As I posted earlier this week, I spent the day on Tuesday with the History Department at Kean University in Union, New Jersey. I am working with Kean as a “public humanities consultant” for their National Endowment for the Humanities program “William Livingston’s World.
First, was very impressed with the Kean History Department and the hospitality I received during my visit. Special thanks to Jonathan Mercantini (Acting Dean of the College of Liberty Arts) and Elizabeth Hyde (Department Chair).
In the morning, I talked about public engagement with the faculty and campus archives staff. We had a spirited discussion about whether or not our public engagement as historians should be more political and activist-oriented than our classroom teaching. I think it is fair to say that we were divided on this question.
In the afternoon, I met with four honors students who wrote papers and created websites on William Livingston. During this session we watched the “director’s cut” of the Liberty Hall 360 re-enactment of the Susannah Livingston-John Jay wedding. Several of the students worked on the script. It was fun chatting with undergraduates who have traveled to archives with Livingston collections, read Livingston’s letters, and tried to make sense of the political, intellectual, and religious life of this New Jersey founding father.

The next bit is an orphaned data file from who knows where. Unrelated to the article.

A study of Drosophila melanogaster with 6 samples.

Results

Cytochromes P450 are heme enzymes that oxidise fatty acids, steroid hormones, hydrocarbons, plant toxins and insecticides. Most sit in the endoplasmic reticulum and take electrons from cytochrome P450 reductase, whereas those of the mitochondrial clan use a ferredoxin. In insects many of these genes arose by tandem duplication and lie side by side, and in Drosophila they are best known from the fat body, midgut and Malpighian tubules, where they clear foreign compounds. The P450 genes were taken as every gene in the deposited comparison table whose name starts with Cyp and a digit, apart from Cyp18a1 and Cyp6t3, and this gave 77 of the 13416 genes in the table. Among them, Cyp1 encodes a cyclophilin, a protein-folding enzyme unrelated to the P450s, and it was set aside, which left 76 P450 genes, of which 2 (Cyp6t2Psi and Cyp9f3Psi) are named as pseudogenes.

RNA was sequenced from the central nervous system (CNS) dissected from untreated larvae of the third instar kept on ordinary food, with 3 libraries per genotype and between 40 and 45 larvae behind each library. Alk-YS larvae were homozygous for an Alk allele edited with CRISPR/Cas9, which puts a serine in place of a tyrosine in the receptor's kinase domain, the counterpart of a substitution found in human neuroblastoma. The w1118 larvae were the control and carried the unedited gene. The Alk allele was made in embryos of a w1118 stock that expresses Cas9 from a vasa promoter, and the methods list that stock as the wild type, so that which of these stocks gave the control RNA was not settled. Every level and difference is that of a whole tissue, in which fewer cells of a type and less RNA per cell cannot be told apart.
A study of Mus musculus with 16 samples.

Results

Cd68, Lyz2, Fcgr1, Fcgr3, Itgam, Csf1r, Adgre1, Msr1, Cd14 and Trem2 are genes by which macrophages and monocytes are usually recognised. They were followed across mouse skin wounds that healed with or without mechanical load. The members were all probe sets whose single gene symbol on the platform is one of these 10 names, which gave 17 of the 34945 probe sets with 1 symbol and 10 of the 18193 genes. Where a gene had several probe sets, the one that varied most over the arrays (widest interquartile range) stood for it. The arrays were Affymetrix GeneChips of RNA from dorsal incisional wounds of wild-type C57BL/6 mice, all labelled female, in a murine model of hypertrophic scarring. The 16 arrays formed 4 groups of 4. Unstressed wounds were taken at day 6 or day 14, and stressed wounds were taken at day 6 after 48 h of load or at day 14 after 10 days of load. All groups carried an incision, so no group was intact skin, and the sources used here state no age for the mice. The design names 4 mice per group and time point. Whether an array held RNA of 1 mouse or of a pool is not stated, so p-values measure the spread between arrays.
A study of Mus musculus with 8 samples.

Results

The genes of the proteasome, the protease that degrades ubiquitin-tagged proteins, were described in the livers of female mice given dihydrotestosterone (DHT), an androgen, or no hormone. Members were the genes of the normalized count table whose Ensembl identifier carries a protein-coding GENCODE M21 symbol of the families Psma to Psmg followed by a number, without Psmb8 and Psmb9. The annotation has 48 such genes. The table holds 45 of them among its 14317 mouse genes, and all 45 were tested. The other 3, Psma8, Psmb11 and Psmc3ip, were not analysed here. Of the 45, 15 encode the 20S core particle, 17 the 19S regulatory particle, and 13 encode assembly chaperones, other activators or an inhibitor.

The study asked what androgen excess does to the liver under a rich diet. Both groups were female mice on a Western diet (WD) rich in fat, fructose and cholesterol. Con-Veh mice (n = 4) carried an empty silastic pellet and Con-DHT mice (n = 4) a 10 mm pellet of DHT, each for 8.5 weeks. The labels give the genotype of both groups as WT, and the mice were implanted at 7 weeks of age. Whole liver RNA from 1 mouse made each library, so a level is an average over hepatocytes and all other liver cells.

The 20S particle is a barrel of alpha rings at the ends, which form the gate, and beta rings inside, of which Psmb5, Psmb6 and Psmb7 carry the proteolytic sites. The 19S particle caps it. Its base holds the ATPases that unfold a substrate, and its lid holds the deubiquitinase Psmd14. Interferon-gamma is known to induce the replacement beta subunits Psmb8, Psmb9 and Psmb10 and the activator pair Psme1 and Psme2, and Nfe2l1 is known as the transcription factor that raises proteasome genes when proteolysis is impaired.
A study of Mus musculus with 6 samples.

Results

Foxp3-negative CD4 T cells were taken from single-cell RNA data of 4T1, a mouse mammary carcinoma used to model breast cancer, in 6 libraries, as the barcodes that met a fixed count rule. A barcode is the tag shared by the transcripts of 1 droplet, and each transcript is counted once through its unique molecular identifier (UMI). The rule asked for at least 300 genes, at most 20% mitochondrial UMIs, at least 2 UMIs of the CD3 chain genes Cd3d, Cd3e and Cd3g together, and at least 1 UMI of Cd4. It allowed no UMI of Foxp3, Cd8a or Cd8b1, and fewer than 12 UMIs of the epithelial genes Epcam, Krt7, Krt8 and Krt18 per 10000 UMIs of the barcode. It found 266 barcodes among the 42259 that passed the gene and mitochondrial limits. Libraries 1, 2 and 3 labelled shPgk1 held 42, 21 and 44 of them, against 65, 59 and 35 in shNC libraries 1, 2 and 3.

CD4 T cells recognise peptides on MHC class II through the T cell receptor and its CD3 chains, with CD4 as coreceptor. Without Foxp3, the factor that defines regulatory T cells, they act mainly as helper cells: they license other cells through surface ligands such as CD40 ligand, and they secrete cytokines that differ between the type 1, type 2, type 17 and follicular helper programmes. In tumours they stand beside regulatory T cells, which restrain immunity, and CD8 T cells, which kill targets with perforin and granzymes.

One of these students approached me after the session with a signed copy of Why Study History? My inscription read: “Caleb, keep studying history and I hope you do so at Messiah College.” It was dated 2014. Needless to say, we did not land Caleb at Messiah, but he certainly had a wonderful undergraduate career at Kean. Caleb asked me to sign the book again with an inscription that began “four years later….” It was a great encounter with a big undergraduate fish I was unable to land! 🙂
Finally, I met with five adjunct faculty members who teach the department’s general education course: “HIST 1062: Modern World Civilizations: Crises of the Contemporary World.” We had a great discussion about how to teach historical thinking skills to non-history majors.
Needless to say, I thoroughly enjoyed my visit and hope to return soon to continue consulting on the William Livingston project. As I noted in my previous post, I think this is a model grant for any history department interested in merging public history, public humanities, career preparation, and the undergraduate history curriculum.